Thursday, 25 January 2018

Vietnam, day 9: Coral and Cauliflower - Buffet Beneath the Waves

Con Son, Vietnam
22 May 2017
All night a storm raged around the Con Dau Islands. We would fall asleep in a lull of rain, only to be woken shortly by deafening raindrops pelting the roof. Even when the storm moved away, and we could count eight seconds between the flash of lightning and the peal of thunder, we could feel the building rock. For all our good intentions of going to bed early, the rain coupled with noisy hotel guests banging about the corridor at ungodly hours meant that we didn't achieve a perfect eight hours' sleep.  Tired as we were, we were excited to go snorkelling, so we threw on our clothes and rushed down to the shoreline. 
Though it had been hours since any rain, the storm had an impact on our day. The seas were choppy (though thankfully I didn't experience any seasickness), and the island that we had been planning to visit was swapped for the larger Hon Bay Canh.

The boat captain told us of how sea turtles laid eggs all around Con Dau and Bay Canh boasts one of Vietnam's largest turtle conservations. During nesting seasons, forest rangers work day and night to protect the turtles as unfortunately, poaching is still an issue.
Once the boat was anchored, we were given snorkelling masks and sent out into the water! With the waves, it was a bit disconcerting at first, as I was afraid that the water would go over my snorkel and I would inhale liquid. I needn't have been afraid, as the waves weren't that large and Yannick helped me though the rise in panic. Before long, we were floating around and gazing at all the different fish and coral. Another of the storm effects was that some sand was tossed up from the seabed, meaning that in places visibility was murky and the bright colours of the coral didn't stand out as much as it should have. However, we did find some really good patches where the colours stood out like neon, and even in the muted areas, the experience was brilliant. Coral sprouted from all over the sea floor in so many different shapes and colours. One of the most common types looked exactly like a brain, and was named accordingly. There was also a type of coral that looked like a mushroom, another that was super pointy, and one that looked like a cauliflower. We saw hundreds of fish: in schools, on their own nibbling at algae, flitting in and out of coral, big fish, tiny fish, and even one jet black fish that I followed for a while like chasing a shadow. Yannick hoped to catch sight of a stingray but missed out. We saw sea cucumbers instead (which I initially took for knobbly logs).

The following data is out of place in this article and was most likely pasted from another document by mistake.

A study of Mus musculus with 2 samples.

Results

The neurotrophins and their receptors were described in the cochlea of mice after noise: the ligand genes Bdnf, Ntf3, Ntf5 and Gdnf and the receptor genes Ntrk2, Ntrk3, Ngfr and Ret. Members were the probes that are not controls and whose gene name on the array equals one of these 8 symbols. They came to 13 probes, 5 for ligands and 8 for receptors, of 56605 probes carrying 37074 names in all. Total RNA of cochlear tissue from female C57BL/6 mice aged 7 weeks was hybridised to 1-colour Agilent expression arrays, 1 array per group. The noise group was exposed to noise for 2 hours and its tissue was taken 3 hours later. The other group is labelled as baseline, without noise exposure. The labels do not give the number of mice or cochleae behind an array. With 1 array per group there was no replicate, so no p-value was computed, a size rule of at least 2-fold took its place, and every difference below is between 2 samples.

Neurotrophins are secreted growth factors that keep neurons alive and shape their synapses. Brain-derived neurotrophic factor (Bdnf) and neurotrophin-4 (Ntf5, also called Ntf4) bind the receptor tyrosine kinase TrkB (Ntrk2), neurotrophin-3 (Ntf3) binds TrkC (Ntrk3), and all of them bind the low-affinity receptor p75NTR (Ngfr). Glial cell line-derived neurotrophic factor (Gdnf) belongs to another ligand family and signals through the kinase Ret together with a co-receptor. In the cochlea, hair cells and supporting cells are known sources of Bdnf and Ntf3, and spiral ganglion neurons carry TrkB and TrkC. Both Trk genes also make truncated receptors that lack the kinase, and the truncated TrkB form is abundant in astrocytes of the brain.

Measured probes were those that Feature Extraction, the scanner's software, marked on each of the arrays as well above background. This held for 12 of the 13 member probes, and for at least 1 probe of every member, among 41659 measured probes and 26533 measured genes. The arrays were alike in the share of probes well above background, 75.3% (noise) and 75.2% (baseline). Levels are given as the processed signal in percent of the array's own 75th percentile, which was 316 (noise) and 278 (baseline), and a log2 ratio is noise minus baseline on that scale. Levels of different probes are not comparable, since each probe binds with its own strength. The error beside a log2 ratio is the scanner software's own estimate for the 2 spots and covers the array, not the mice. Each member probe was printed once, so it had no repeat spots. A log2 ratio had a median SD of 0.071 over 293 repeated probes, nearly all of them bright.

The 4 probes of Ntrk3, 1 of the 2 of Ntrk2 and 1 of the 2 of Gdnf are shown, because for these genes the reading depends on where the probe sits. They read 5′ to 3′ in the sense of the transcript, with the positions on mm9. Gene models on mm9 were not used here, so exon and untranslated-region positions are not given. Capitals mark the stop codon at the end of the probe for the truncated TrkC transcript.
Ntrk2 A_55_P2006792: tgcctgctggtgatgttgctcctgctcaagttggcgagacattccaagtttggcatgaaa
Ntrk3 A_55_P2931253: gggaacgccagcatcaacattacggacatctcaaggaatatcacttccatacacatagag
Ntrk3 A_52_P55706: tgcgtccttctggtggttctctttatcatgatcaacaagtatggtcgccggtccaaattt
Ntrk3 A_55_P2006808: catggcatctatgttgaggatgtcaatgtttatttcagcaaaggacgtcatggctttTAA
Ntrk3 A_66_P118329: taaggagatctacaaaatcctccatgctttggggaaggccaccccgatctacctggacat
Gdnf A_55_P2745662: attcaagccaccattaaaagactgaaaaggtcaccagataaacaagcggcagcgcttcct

Back aboard, we snacked on fruit and drank tea and coffee. We chatted with the English guy who ran the company with his wife, and also the two other snorkellers for the day - Phong and Nicole. It was lovely to have such a small group, and I felt very grateful for picking Rainbow Divers over another company. (We saw another boat pull up near us at one point that looked like it could fit a couple of dozen passengers, and that would have been a much less personal experience.) We chatted about our housesitting days and where we were from. Phong, who was visiting from the US, told us about how his parents were from Can Tho and fled Vietnam during the American War. They were housed in a Malaysian refugee camp for a time before being granted placement in the US. Wanting to try out Phi Yen restaurant now that we had discovered its top secret location, we invited Phong and Nicole to dinner that night.
Before heading back to Con Son, we stopped once more at another snorkelling spot. I was exhausted, so stayed in the boat, but Yannick went out for another paddle around. When we found ourselves back on dry land, we beelined for the hotel and I passed out immediately, in desperate need of a nap. I was very unaccustomed to swimming, or any other exercise apart from light walking.

In the evening we went for a wander of the town. It was our last full day on the island and we were keen to take it all in. We walked past the square where the market is held everyday, and then visited Villa Maison one last time for the amazing passionfruit juice.

On the way to the waterfront, we passed through the main intersection in the town, which has one of the only traffic lights on the island. We sat on the concrete retaining wall by the pier for a spell, until the biting bugs became too annoying, and then wandered through a park.

Once darkness fell, it was time to meet for dinner. I ordered a chanh da (lemon juice, sugar and water) that was becoming a favourite of mine, and as usual, the staff attentiveness was lacklustre. As for the food, it was fairly unimpressive aside from a hella moreish plate of garlicky morning glory. For dessert, Phong led us in a hunt for chè, aka dessert. I was unconvinced that we would find a designated chè place, considering how small the town was, but lo and behold! A chè place was found. I don't think I'll ever get over having beans or sweetcorn in dessert... They ordered two chès, with mung beans and coconut milk and jellies. I was too full to partake, but Yannick said they were surprisingly tasty. Phong spoke a bit of Vietnamese, and was able to teach us a few handy pronunciations and phrases, such as "do you have vegetarian food?" With full bellies and heavy hearts, we returned to our hotel, our last evening on Con Son spent.